Ice-cold floodwaters swept through mountain towns in India’s Himalayan northeast, killing at least 31 people, washing away houses and bridges, and forcing thousands of people to leave their homes, officials said Friday.

The flood began shortly after midnight Wednesday, when the waters of a glacial lake overflowed, cracking open Sikkim State’s biggest hydroelectric dam and then cascading through towns in the valley below.

It was the latest deadly flood to hit northeast India in a year of unusually heavy monsoon rains. Nearly 50 people died in flash floods and landslides in August in nearby Himachal Pradesh state, record rains in July killed more than 100 people over two weeks in northern India.

 

Despite risks to dams due to increasing frequency of extreme weather, the Indian federal government aims to increase India’s hydroelectric dam output by half, to 70,000 megawatts, by 2030.

Disasters caused by landslides and floods are common in India’s Himalayan region during the June-September monsoon season. Scientists say they are becoming more frequent as global warming contributes to the melting of glaciers there.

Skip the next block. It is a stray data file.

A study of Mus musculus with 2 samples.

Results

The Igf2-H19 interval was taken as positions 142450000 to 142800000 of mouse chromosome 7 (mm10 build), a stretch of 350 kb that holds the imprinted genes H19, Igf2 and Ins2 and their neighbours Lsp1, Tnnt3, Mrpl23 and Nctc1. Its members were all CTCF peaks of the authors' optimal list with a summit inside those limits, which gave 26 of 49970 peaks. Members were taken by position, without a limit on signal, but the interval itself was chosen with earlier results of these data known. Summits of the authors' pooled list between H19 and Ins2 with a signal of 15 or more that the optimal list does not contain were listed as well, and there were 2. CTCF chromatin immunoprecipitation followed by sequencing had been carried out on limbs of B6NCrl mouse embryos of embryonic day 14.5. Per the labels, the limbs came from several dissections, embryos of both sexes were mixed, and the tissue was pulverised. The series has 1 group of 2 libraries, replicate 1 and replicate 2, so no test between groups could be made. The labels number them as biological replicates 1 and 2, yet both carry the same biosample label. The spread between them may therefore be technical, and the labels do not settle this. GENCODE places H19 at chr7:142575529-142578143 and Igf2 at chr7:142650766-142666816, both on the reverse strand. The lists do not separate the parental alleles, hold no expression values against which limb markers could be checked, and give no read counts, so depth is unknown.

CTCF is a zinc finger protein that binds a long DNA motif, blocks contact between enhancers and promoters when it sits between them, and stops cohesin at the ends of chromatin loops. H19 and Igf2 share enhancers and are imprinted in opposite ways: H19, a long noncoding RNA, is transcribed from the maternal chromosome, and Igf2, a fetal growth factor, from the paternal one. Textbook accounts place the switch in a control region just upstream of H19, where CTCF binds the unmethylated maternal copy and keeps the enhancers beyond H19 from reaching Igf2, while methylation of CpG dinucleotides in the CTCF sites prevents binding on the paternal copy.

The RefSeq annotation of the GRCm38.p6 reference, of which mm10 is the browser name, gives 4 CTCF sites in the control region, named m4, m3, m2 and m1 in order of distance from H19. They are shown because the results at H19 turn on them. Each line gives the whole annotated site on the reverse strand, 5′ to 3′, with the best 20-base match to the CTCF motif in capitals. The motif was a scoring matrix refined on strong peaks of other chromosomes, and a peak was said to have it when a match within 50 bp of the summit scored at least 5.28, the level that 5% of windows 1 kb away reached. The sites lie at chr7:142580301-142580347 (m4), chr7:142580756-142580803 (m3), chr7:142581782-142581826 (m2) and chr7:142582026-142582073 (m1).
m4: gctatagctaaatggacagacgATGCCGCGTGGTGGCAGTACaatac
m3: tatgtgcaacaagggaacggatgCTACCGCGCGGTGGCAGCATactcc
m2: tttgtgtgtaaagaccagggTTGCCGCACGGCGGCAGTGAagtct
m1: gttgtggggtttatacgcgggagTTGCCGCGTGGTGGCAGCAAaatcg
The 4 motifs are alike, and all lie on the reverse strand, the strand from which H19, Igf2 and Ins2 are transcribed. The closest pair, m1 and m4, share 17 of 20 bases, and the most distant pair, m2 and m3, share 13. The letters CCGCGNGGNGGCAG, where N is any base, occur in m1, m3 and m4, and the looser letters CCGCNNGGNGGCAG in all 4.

“This is, incredibly sadly, another classic case of a cascading hazard chain that amplifies as you go downstream,” said Jakob Steiner, a climate scientist with the International Center for Integrated Mountain Development, commenting on Wednesday’s flash flooding.

Earlier this year, Steiner’s organization published a report saying that Himalayan glaciers could lose 80% of their volume if global warming isn’t controlled.

Last month, dam breaches caused by Storm Daniel caused devastating damage to the city of Derna in Libya.

In February 2021, flash floods killed nearly 200 people and washed away houses in Uttarakhand state in northern India.